Brexit secretary David Davis is facing formal censure for holding the House of Commons in contempt after handing MPs an 850-page dossier on the economic impact of Brexit that does “not contain any actual impact analysis”.
A complaint has been sent to the Commons speaker by SNP MP Pete Wishart after Mr Davis’ department insisted that documents promised to MPs and Scottish ministers had to be redacted.
The study of 58 economic sectors delivered on Monday night does not contain any sensitive information, prompting the chairman of the Commons Exiting the EU Committee to summon Mr Davis to an urgent meeting.
The Brexit secretary was forced to release the information to the committee following a House of Commons motion, and the Scottish Secretary David Mundell also said it would be shared with the Scottish Government.
However, Scottish Brexit minister Michael Russell complained that the dossier contains no impact analysis, and called on the UK Government to “be up front with people and publish these reports immediately”.
The Department for Exiting the EU (Dexeu) says the full information could not be disclosed because of its commercial sensitivity and potential to undermine talks in Brussels, and Mr Davis was backed by Number 10.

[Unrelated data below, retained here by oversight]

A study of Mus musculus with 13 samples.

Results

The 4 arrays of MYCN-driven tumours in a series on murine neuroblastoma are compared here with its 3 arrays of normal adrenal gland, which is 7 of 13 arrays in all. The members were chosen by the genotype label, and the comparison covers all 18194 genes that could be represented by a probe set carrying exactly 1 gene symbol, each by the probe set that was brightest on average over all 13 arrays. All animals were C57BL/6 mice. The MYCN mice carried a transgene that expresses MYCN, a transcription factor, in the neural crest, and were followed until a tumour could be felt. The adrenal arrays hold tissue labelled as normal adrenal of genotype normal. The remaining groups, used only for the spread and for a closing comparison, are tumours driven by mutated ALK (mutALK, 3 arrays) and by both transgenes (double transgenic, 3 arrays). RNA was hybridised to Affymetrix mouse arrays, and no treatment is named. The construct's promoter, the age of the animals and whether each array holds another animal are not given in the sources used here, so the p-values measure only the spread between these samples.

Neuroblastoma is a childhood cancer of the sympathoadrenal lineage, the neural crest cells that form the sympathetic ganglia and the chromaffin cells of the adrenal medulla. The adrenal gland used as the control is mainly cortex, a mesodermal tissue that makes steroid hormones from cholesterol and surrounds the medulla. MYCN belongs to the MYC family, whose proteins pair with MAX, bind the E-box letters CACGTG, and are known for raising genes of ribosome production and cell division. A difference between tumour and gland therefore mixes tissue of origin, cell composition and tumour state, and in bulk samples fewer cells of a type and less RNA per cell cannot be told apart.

MPs reacted with anger when junior Brexit department minister Robin Walker was sent to respond to an urgent question yesterday from shadow Brexit secretary Sir Keir Starmer. There were cries of “Where is he?” as Mr Walker rose to speak.
Sir Keir said: “Whether [Mr Davis] is in contempt of Parliament is a matter we will come to at a later date, but he is certainly treating Parliament with contempt.”
Brexit select committee chairman Hilary Benn said the decision to redact material was “contrary to the instruction given to the government” in a motion that passed unopposed by the government.
Mr Walker claimed the Brexit committee had not offered assurances that the unredacted analysis would not be published in full, promting Mr Benn to respond: “I do object to any suggestion that the select committee or I as chair cannot be trusted to do our job.”
Arrangements are being made to set up a reading room for all MPs to examine the documents. Ministers have insisted that the information did not exist as 58 separate impact assessments as requested by Parliament, despite Mr Davis previously telling MPs the analysis was underway.
Sir Keir said he was concerned that UK’s Brexit analysis could be “squeezed into two lever-arch files,” although Dexeu officials claim that further work is being done.
The government also came under pressure from its own MPs, with prominent Brexiteer Jacob Rees-Mogg telling ministers to bring forward a new parliamentary motion if it does not fully comply with the previous request.
Mr Wishart said: “David Davis campaigned for parliamentary accountability and taking back control during the EU referendum - yet today we find the Brexit Secretary and the UK Government doing everything they can to make sure MPs are unable to scrutinise the Government’s Brexit plans.
“I have written to the Speaker once again to raise a privilege complaint over this Government’s shambolic handling of the latest episode in their Brexit breakdown.”